Soon it will be possible to design cells or entire organisms using computer software and 3D printers, a scientist has claimed.
The cells could be used to create biofuels, combat global warming, develop new healthcare and medicines and even recreate alien lifeforms on earth, if alien DNA is ever found.
Using chemicals and inserting DNA into the cell of bacteria, Dr. J.Craig Venter, who helped map the human genome, managed to created the world’s first synthetic life form.
Dr. Venter detailed the theory in his new book “Life at the Speed of Light: From the Double Helix to the Dawn of Digital Life”, where he said: “In years to come it will be increasingly possible to create a wide variety of [synthetic] cells from computer-designed software. The creation of cells from scratch will open up extraordinary possibilities.”
The scientist also predicts in the future machines will be able to analyze the make up of genomes and transmit this through the internet or even space, creating more possibilities in the search for alien life, the Sunday Times reported.
The scientist says: “The day is not far off when we will be able to send a robotically controlled genome sequencing unit to other planets to read the DNA sequence of any alien microbe life that may be there,’ claimed Venter.
“If we can beam them back to Earth we should be able to reconstruct their genomes. The synthetic version of a Martian genome could then be used to recreate Martian life on Earth.”
This could even be reversed, and if aliens pick up digital transmissions of human DNA they could recreate humans on their planet.
Scientists would then be able to manipulate and modify the DNA by adding certain features to create tailor-made microbes.
These advances in genome technology will form part of a “genetic revolution”, according to Venter, and “could give humanity crops resistant to drought and disease and artificial animals that could yield both food and drugs.” The cells could also be used to increase intelligence, or even extend human life.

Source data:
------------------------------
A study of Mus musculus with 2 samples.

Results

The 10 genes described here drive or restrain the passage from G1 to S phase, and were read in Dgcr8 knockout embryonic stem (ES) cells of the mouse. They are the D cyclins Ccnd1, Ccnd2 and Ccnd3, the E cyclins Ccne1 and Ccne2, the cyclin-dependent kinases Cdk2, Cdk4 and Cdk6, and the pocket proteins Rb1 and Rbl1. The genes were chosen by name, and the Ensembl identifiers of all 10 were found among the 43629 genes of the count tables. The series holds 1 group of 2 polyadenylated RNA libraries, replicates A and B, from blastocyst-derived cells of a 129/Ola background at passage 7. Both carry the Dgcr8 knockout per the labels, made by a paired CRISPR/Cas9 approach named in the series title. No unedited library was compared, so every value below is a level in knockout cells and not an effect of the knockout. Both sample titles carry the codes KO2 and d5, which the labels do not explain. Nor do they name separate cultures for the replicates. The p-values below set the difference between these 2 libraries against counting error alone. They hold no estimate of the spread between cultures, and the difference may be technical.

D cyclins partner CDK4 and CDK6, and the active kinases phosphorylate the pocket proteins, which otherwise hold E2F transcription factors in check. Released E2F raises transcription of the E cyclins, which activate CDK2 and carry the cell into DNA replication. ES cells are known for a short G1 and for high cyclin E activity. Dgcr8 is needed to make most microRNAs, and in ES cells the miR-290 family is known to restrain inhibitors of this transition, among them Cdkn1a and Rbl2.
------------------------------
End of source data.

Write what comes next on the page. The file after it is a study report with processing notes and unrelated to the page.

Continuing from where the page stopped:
Venter is the president of the J. Craig Venter Institute, which conducts research into synthetic biology. He is seeking to patent the first lifeform created by humans, dubbed Mycoplasma laboratorium.
In 2000, Venter and Francis Collins from the National Institutes of Health and U.S. Public Genome Project claimed they had mapped the entire human genome.
Human bodies have around 3 billion base pairs, but only 4 per cent of those pairs are said to influence how genes react and behave. The finished sequence was completed, with 99.99 per cent accuracy in 2003, writes the Daily Mail.
In 2010 Dr. Venter and his team made a new chromosome from artificial DNA in a test tube. They first analyzed the genome of a microbe, and then reconstructed it from laboratory chemicals before inserting the finished DNA into a bacterial cell, which began to grow and reproduce.
As the Telegraph reports, the multi-millionaire pioneer in genetics compared his work with making a computer at the time, referring to the artificial DNA as the software.